Zhang Ziyi, at Cannes debut of “She’s Got No Name” photo © Andreas Rentz/Getty

Cannes: Rhapsody in May for Asian Cinema

The official poster of the 77th Festival de Cannes is a scene from “Rhapsody in August” by the great Japanese director Akira Kurosawa. It’s a fitting choice because Asia is strongly represented at this year’s Cannes Film Festival.
The famed Studio Ghibli, founded by Hayao Miyazaki, was awarded an Honorary Palme d’Or.  India is in competition for the first time in 30 years with “All We Imagine as Light,” directed by Payal Kapadia. Saudi Arabia has a film in Cannes’ official selection for the first time with Tawfik Alzaidi’s “Norah” in the Un Certain Regard section, after premiering at the 2023 Red Sea International Film Festival. And five films from China are included in the official selection this year.
In announcing the 2024 lineup, Cannes festival director Thierry Fremaux said, “India and China are countries that are coming back to us.” It’s been three or four years since China was high profile in world cinema due to the pandemic. This year, he expressed “the satisfaction of having China, a major cinema country, back in the selection.”
The great Chinese filmmaker Jia Zhang-Ke is in competition with a decades-spanning love story, “Caught By the Tides” (Feng Liu Yi Dai). The film, his sixth entry in the official selection, follows the romantic destiny of his heroine; the filmmaker delivers a unique, epic tale that spans all of his previous films and more than 20 years of a country undergoing profound change.
Jia Zhang-Ke has been a Cannes favorite since “Unknown Pleasures” in 2002. The filmmaker is a leading figure of the Sixth Generation of Chinese directors. That movement follows China’s Fifth Generation of filmmakers, when Chinese cinema rose to prominence in the late 1980s, sweeping the world’s most prestigious film festivals, Cannes, Venice and Berlinale. The most famous of the Fifth Generation directors are Chen Kaige and Zhang Yimou.
Chen Kaige’s 1993 Chinese-Hong Kong epic “Farewell My Concubine” won the Palme d’Or at the 1993 Cannes Film Festival and the 1994 Golden Globe for foreign-language film. The following year at Cannes, Chinese master Zhang Yimou won the grand jury prize with “To Live” (1994), which also saw the best actor award go to star Ge You. Zhang returned to the Cannes Film Festival in 1995 with “Shanghai Triad” starring Gong Li, and won the technical grand prize. Five of Zhang Yimou’s films have been nominated for a Golden Globe Award.
Besides competing in the top prize category, Zia Zhang-Ke played the supporting role of Uncle Yao in Guan Hu’s drama “Black Dog” which was honored with a top prize in Un Certain Regard. Guan Hu also belongs to the Sixth Generation of directors in Chinese cinema, as does Lou Ye.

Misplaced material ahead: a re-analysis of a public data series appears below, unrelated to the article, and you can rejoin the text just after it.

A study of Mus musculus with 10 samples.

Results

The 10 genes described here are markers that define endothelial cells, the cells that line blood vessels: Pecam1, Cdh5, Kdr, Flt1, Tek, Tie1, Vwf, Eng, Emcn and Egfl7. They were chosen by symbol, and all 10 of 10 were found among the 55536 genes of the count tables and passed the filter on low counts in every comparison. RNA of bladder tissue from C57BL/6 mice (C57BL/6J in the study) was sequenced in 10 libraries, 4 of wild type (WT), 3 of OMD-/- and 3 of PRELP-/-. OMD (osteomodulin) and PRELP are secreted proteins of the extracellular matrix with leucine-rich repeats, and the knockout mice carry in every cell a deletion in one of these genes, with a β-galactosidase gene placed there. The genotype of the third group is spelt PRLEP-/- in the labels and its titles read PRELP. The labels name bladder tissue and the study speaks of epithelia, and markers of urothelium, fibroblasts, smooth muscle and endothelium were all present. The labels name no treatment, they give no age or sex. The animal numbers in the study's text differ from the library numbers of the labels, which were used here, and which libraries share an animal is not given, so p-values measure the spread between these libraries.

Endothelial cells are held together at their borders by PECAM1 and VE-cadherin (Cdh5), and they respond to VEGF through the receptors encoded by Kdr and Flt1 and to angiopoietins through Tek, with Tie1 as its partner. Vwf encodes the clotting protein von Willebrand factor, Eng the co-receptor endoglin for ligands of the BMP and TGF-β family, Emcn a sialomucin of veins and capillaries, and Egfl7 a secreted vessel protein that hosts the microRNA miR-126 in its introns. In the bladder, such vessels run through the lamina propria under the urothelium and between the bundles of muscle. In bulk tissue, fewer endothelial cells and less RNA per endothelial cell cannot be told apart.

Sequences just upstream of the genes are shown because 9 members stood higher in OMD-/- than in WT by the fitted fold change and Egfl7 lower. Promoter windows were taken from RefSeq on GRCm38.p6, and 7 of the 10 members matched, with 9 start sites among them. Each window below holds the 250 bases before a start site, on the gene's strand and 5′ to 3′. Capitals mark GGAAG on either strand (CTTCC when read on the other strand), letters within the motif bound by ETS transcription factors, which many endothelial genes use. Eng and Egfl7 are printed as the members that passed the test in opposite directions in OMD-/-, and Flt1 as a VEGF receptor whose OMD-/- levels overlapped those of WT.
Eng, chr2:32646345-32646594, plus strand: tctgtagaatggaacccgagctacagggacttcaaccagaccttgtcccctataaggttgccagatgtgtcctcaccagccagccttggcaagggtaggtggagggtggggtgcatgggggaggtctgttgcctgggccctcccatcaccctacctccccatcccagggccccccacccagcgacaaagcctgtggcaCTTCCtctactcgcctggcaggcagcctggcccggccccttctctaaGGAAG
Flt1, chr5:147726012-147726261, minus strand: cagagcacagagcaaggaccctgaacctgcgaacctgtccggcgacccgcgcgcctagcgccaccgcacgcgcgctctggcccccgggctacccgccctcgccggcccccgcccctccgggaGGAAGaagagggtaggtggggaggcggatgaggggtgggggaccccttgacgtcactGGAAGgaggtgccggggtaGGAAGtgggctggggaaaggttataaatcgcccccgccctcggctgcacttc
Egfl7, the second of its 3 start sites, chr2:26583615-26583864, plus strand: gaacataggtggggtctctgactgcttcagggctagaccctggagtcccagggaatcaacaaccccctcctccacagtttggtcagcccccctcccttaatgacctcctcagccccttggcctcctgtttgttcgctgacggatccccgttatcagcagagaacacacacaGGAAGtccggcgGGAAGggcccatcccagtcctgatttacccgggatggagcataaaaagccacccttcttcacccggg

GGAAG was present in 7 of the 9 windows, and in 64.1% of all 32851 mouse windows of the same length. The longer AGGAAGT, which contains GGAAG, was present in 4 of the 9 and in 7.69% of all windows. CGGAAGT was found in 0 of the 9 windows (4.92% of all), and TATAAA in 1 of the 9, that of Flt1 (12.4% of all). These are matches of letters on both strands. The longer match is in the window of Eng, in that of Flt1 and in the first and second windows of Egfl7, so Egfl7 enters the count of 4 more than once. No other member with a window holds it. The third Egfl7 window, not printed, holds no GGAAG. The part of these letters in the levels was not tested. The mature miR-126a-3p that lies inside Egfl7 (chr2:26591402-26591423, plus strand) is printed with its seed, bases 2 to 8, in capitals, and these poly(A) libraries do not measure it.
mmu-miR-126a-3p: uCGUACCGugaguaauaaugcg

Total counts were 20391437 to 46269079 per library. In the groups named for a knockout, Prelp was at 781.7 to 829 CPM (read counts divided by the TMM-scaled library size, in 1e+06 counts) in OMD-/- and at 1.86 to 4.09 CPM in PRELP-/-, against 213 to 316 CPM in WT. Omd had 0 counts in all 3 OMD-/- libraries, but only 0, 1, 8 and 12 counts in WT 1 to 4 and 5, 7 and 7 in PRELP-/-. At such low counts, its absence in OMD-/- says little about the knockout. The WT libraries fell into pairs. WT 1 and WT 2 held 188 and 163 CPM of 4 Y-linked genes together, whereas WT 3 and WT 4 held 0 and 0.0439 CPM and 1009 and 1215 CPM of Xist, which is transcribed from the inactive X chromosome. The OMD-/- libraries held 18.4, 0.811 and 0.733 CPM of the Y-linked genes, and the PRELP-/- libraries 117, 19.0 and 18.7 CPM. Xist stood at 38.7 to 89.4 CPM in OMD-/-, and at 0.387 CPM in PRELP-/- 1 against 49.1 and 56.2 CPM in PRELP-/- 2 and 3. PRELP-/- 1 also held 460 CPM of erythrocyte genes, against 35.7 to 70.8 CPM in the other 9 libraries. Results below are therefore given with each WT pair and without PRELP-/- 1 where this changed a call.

Fifteen years after winning the screenplay award for “Spring Fever,” Lou Ye returned to Cannes with his  “An Unfinished Film” in the special screening section. The movie is about China’s Covid Crisis in 2020; a film crew reunites near Wuhan to resume the shooting halted years earlier, only to share the unexpected challenges as cities are placed under lockdown.
Two Hong Kong movies inspired festival fever: director Peter Ho-Sun Chan’s crime thriller “She’s Got No Name” and action thriller “Twilight of the Warriors: Walled In” directed by Soi Cheang.
“Walled In” opened the Midnight Screenings. It is the film adaptation of “City of Darkness,” the series of cult Manhua (Chinese comics/graphic novels) by Andy Seto. Set in the 1980s, “Twilight of the Warriors: Walled In” follows a troubled young Chinese-Vietnamese man Chan Lok-Kwun (Raymond Lam) who accidentally enters the Kowloon Walled City. Hong Kong’s famed Sammo Hung played Mr. Big.
Director Soi Cheang and cast members Louis Koo, Terrance Lau, Raymond Lam, German Cheung and Tony Wu were present for the screening. Afterwards, Cheang said “The fact that we can put together so many talented Hong Kong artists for this Hong Kong story is very meaningful and magnificent thing to me. I hope overseas audiences will also feel our love for Hong Kong.”
Expressing his gratitude to the festival he said “Special thanks to Wilson Yip and Angus Chan. It took eight years to make this movie happen.”
Screening 24 May, one day before the close of the festival, was “She’s Got No Name,” based on one of the most notorious unsolved murder cases in China. It stars Zhang Ziyi, Golden Globes best actress nominee for “Memoirs of A Geisha” (2015).